Stress: Understand and Manage
You've overslept, the kids aren't ready for school, and you can't find your documents for your 9 AM presentation. Life is stressful. Learning the different types of stress as well as the sources can help you better manage your hectic schedules.
KEY TYPES OF STRESS
What exactly is stress? Stress is defined as a physical, mental, or emotional factor that causes bodily or mental tension. Stressors, which cause stress, are situations that are perceived as a threat to one's life. Two factors that determine how you respond to stressors are whether the stressors are acute (new/short-term) or chronic (long-term).
More commonly known as the fight-or-flight response, acute stress is how your body reacts to perceived danger. Examples of acute stress include being pulled over by a police officer, giving a presentation, or having a job interview. Your body responds to acute stress immediately. People tend to think negatively about stress, but in small doses, stress could be thrilling. An example of acute stress that may be exciting would be a speed skier about to ski down a mountain. Having too many episodes of acute stress could lead to psychological distress. This could also lead to physical issues such as stomach problems, headaches, or serious health issues- like a heart attack.
Acute stress every now and then won't likely have any harmful effects on healthy individuals. Mild acute stress can actually motivate and energize people. The big problems arise when these acute stresses become more common, start to build up, and don't go away. Even though the response to chronic stress is less obvious than the acute stress response, the consequences may last longer and be more severe. Identifying and managing both types of stress is crucial for effective stress management.
LEARN YOUR STRESSORS
In order to develop new strategies to manage your stress, you must first find the sources. One way to identify your stressors is to create a list of situations or challenges that make you stressed. Write down the key problems that you are dealing with at the moment. You'll come to find that some of your stressors are events that happen to you (external) while others come from within (internal).
The events that happen to you are known as external stressors.
- Significant life changes: marriage, divorce, pregnancy, or promotion
- Environment: reaction to sound, light, or the weather
- Unpredictable events: being laid off or finding out that your rent is increasing
- Workplace: deadlines, high workload, or difficult boss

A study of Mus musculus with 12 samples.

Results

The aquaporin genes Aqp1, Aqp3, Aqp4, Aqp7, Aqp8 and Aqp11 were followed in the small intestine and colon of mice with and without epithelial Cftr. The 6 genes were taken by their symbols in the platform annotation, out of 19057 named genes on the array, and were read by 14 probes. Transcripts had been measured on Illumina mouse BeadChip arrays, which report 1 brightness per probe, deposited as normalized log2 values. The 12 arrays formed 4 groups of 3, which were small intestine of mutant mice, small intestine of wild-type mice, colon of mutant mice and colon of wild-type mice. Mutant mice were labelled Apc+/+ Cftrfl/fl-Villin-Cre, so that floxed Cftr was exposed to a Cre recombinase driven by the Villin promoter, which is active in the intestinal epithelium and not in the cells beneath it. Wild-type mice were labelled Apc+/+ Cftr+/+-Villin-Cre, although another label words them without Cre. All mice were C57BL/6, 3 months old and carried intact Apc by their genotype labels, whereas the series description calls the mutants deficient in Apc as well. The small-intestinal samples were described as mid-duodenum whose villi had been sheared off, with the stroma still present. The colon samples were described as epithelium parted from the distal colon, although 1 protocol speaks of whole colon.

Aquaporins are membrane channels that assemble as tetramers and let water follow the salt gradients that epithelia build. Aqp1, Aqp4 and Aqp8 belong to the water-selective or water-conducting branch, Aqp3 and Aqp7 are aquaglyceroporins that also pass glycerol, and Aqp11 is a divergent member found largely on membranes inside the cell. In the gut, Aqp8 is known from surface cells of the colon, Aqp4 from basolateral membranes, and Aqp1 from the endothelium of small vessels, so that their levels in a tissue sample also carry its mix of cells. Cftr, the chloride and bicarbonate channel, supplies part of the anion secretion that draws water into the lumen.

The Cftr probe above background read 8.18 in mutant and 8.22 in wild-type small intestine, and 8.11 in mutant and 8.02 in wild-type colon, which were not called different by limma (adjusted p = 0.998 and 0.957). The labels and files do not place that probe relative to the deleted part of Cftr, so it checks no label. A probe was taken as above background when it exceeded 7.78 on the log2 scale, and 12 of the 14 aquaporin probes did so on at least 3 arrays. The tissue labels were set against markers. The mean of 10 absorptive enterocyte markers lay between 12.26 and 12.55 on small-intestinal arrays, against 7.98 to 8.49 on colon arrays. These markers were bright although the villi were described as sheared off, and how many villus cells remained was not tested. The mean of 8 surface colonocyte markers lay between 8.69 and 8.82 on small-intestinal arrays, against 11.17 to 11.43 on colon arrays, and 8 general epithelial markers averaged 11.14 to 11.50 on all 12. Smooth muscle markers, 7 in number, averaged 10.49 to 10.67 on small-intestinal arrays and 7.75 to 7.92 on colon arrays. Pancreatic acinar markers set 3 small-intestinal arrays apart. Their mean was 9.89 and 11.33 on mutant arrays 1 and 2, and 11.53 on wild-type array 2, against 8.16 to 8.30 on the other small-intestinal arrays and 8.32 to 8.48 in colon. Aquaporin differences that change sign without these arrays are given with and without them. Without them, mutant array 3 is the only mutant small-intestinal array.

- Social: tough relationships with friends and family or meeting new people
There are changes that you can make to help reduce your external stressors. Lifestyle changes that you could make include getting more sleep, working out, and eating more wholesome meals. People close to you, such as friends or family, may be able to help you as well. Ask if they have any tips for managing time and solving problems. It's also important to learn to tell people "no". If you can't handle another commitment, it's okay to let them know that. You could lower your stress by reducing the number of activities and commitments that you have. Use your energy and time to focus on the activities that you truly enjoy.
Something doesn't have to happen to you to cause you stress. Sometimes we are our own worst enemies. Stress that is self-induced is known as an internal stressor.
- Fears: fear of disappointment, public speaking, or traveling
- Uncertainty: fear of not knowing, waiting for a response from someone, or waiting on medical results
- Beliefs: expectations to throw the perfect party or advance your career
Although we are able to completely change our thoughts, it can be difficult sometimes since we have had these fears, attitudes, and expectations for quite some time. There have been many studies conducted to discover new ways of managing internal stressors. Try to combat these stressors by reevaluating the way you think and choosing a positive mindset, and questioning negative thoughts. You could also try
using relaxation techniques such as meditation or yoga. Talking to family and friends or even a counselor could help make a big difference too.
TAKE THE FIRST STEP
Stress will always be a part of your life. There's no way to eliminate stress but you can learn to manage it. The first step is to identify and better understand the causes of your stress and then learn different ways to help manage it. If you take time to work at it, you will learn to handle it.